Before the official beginning of spring and 2018 field preparations in the Pacific Northwest, OSA’s Laurie McKenzie and Micaela Colley joined research partners from the Carrot Improvement for Organic Agriculture project (CIOA) to harvest carrots from winter breeding plots.
OSA’s team joined Dr. Phil Simon and his research crew from the University of Wisconsin-Madison and USDA’s Agricultural Research Service to evaluate and select carrot roots from over 1,000 plots of orange and novel color germplasm in El Centro, California (just north of the Mexico border). The research team takes advantage of the warm off-season each year to grow carrot roots and bring the best selections back north for growing out to seed. This allows the team to complete the breeding cycle in one year rather than two.
The CIOA team identified promising carrot roots for breeding new open-pollinated carrots with strong tops, terrific flavor, disease and nematode resistance, superior nutritional qualities, and aesthetic appeal. Simon’s program is working to provide organic growers with carrots that combine robust field qualities with flavor and color that pique eaters’ excitement.
This year the CIOA team will serve farmers across the US by conducting field trials in six states representing diverse environments. Now in the project’s sixth year, the trials continue to expand based on interests and seed availability, including a new trial location in Hawaii. The team plans to conduct and compare trial results between Hawaii and Virginia sites to assess how carrots from the tropics crossed with carrots with improved flavor, disease resistance, and nutrition might perform for organic farmers.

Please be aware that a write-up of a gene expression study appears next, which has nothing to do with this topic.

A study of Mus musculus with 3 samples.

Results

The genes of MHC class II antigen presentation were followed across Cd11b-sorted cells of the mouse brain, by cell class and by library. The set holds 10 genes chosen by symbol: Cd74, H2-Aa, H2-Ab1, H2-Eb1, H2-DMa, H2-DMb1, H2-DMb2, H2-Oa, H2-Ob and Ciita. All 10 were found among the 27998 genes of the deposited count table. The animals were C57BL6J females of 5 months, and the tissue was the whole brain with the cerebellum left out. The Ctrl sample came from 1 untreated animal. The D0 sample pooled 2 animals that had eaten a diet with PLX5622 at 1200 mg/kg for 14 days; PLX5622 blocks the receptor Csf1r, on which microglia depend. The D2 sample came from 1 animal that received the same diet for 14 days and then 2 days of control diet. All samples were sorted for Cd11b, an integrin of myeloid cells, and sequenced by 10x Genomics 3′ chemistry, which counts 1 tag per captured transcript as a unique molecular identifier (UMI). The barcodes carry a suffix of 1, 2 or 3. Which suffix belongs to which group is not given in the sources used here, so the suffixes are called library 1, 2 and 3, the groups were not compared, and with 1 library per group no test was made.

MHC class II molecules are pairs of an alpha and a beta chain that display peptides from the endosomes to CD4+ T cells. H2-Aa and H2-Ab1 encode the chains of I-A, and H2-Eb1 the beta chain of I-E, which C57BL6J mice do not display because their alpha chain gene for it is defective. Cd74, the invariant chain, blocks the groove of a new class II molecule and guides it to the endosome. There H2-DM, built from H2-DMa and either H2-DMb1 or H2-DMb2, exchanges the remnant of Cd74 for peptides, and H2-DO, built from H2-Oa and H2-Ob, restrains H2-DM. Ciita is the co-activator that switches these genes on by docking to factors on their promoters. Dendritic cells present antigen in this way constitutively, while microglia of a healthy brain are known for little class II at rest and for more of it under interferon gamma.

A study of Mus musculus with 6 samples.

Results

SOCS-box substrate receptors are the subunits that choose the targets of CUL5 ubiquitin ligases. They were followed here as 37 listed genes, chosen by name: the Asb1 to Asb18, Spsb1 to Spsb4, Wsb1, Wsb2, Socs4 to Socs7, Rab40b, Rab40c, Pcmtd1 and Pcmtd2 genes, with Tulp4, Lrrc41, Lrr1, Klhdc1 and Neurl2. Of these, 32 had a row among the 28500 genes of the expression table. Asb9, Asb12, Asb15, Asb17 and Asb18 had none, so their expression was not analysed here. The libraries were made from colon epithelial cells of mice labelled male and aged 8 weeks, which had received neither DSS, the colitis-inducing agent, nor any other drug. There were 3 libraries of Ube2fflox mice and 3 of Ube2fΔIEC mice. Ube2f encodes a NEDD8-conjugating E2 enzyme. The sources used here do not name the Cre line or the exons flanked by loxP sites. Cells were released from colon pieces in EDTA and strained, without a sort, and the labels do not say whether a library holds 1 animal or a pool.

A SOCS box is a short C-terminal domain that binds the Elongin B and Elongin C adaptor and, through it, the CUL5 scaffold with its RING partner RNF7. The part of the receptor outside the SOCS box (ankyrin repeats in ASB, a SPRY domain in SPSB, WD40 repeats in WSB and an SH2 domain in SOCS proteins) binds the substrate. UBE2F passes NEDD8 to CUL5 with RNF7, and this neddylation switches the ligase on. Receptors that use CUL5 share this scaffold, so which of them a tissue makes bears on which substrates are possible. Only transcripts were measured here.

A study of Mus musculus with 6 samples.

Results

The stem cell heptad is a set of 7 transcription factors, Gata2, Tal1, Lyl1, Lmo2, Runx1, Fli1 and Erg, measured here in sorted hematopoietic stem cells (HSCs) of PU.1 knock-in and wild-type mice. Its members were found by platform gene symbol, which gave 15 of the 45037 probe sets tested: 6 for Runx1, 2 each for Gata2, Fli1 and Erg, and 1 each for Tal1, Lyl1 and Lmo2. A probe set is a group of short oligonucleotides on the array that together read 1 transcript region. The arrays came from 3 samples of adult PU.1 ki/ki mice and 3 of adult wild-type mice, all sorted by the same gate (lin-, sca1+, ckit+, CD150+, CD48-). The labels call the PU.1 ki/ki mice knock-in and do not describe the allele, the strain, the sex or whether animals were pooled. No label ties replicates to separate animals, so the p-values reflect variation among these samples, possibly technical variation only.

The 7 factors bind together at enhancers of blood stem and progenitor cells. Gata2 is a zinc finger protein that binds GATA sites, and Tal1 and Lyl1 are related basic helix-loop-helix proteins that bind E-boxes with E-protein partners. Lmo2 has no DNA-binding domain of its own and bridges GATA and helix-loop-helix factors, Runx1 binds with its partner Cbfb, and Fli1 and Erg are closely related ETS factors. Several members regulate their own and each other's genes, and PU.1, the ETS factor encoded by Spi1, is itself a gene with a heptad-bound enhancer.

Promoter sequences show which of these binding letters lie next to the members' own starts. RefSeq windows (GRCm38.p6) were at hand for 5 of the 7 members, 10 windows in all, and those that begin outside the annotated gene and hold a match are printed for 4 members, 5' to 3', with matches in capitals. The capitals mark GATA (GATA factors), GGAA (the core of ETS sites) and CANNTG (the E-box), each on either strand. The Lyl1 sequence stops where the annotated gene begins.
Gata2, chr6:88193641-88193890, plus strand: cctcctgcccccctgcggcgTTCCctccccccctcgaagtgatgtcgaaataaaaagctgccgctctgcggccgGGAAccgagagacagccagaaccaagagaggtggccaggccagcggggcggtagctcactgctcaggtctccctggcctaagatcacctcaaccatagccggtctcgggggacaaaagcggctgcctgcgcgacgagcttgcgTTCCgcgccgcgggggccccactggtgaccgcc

A rainbow of carrot colors bring both beauty and diverse nutrition, and several of the CIOA populations are advancing with plans to release new colored carrots in partnership with organic seed companies. Purple carrots with yellow cores are one of McKenzie and Simon’s favorites. These carrots take advantage of the striking color contrasts, and delight chefs and eaters alike, while providing farmers with important production characteristics, such as resistance to important diseases.
The 2018 El Centro harvest also included a public field day that showcased novel color and superior orange carrots for seed companies and farmers to help evaluate. Shortly after the harvest, McKenzie and Colley shared some of these carrots — and their carrot breeding knowledge — with growers in Hawaii at the Northern Organic Vegetable Improvement Collaborative’s (NOVIC) organic breeding workshop and tropical Culinary Breeding Network Showcase. Read more about these events in Hawaii here.